The ABCs of the Tacoma Dome Link light rail extension
An underground light-rail station as part of Sound Transit’s Tacoma Dome Link Extension (TDLE) project is no longer an option.
The Federal Transit Administration told Sound Transit on July 11th that the underground station, also known as the “cut-and-cover” option, “should be removed” from consideration, according to Sound Transit documents.
Rather than an underground station, Sound Transit will study an elevated station on 25th Street near the Tacoma Dome.
The FTA cited Sound Transit’s analysis and tribal concerns as reasons for dismissing the option.
The Puyallup Tribe of Indians said an “underground alignment and station would expose the project to potential catastrophic risks due to cultural resources and potential human remains that could be immitigable and prevent completion of the project,” according to a Sound Transit report.
The 9.7-mile TDLE project would expand Link light rail from the Federal Way Transit Center to the Tacoma Dome Station. The project is part of the Sound Transit 3 Plan (ST3). Voters approved funding in 2016.
Tacoma officials and the Dome Business District supported further study of an underground station, citing concerns that an elevated or above-grade alignment could cause “visual, development and traffic impacts.”
Tacoma Mayor Victoria Woodards said in a Sound Transit press release Thursday that she was “disappointed” that a cut-and-cover option was not being explored but is “dedicated to working alongside Sound Transit to ensure the Dome District and the city of Tacoma receive a station that is integrated into the community.”
Janice McNeal, president of the Dome Business District, told The News Tribune through email Monday that study of an underground station is a “very critical omission” from the EIS process.
“Building a downtown station with an existing multi-modal network is unique for this region, and we felt it required special consideration in planning the station,” McNeal said. “It is not a suburban station with the addition of light rail to existing bus service like the other stations being planned. It serves as a transit-oriented district and event center that requires better planning than building a giant dark dreary cement structure running through the district.”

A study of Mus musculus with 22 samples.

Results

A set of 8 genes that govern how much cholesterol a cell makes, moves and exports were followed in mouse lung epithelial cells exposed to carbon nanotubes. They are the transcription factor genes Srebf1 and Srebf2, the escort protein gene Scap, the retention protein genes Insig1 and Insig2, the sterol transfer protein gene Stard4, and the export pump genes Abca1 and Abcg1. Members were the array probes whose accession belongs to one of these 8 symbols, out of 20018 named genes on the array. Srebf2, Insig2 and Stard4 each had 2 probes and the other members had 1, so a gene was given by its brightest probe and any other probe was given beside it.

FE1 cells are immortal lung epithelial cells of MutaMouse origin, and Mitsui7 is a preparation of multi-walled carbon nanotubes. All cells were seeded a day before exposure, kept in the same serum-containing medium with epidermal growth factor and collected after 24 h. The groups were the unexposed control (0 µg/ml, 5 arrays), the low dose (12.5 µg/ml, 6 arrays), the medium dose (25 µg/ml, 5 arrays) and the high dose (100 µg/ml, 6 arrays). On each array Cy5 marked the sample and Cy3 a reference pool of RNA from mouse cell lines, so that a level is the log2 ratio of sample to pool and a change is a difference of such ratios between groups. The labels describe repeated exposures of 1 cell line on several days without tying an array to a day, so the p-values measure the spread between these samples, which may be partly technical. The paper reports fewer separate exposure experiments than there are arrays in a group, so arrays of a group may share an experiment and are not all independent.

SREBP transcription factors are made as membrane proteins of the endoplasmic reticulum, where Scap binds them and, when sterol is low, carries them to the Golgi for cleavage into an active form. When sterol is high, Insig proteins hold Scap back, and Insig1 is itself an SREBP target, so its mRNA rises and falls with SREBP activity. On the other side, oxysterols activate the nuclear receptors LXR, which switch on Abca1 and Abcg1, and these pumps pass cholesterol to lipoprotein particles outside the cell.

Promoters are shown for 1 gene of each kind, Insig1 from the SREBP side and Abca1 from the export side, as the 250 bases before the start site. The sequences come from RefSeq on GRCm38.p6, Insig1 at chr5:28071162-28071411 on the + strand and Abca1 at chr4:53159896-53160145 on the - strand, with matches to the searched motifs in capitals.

The underground option also would have required finding additional funding from third parties, according to Sound Transit.
The tribe was not “prepared for any sort of funding conversations,” Andrew Strobel, director of planning and land use for the Puyallup Tribe, told The News Tribune on Monday.
The Puyallup Tribe was willing to work with the city if the underground option was approved for further study, but maintained there would need to be extensive mitigation of cultural and historical impacts.
“We understand (the city) wants to really turn this into a vibrant area, and we want to work with the city, but we had some concerns,” Strobel said. “I believe the city was very understanding and empathetic of those concerns.”
In a letter to Sound Transit board chair John Marchione dated May 1, Bill Sterud, then-chairman of the Puyallup Tribal Council, wrote the area used to be a large traditional village site with a “high probability of cultural and human remains.”
“In 2015, as part of the Tacoma Trestle Project, Sound Transit unearthed a cultural finding within this area,” Sterud wrote. “We continue to work with Sound Transit in mitigating the impacts of cultural and historic resources of the Tacoma Trestle project to this day.”
Also on Thursday, Sound Transit announced its preferred alignment for the TDLE project, starting in southern Federal Way along Enchanted Parkway near South 352nd Street to Fife, north of 15th Street. From there, the preferred route would reach East Tacoma between East 25th Street and East 26th Street and come to a stop near the Tacoma Dome on East 25th Street.
Other route alternatives will be studied in the draft Environmental Impact Statement, which is expected to be completed in 2021, with a final alignment selection in 2022 and a groundbreaking in 2025.
Sound Transit aims to complete construction in 2030.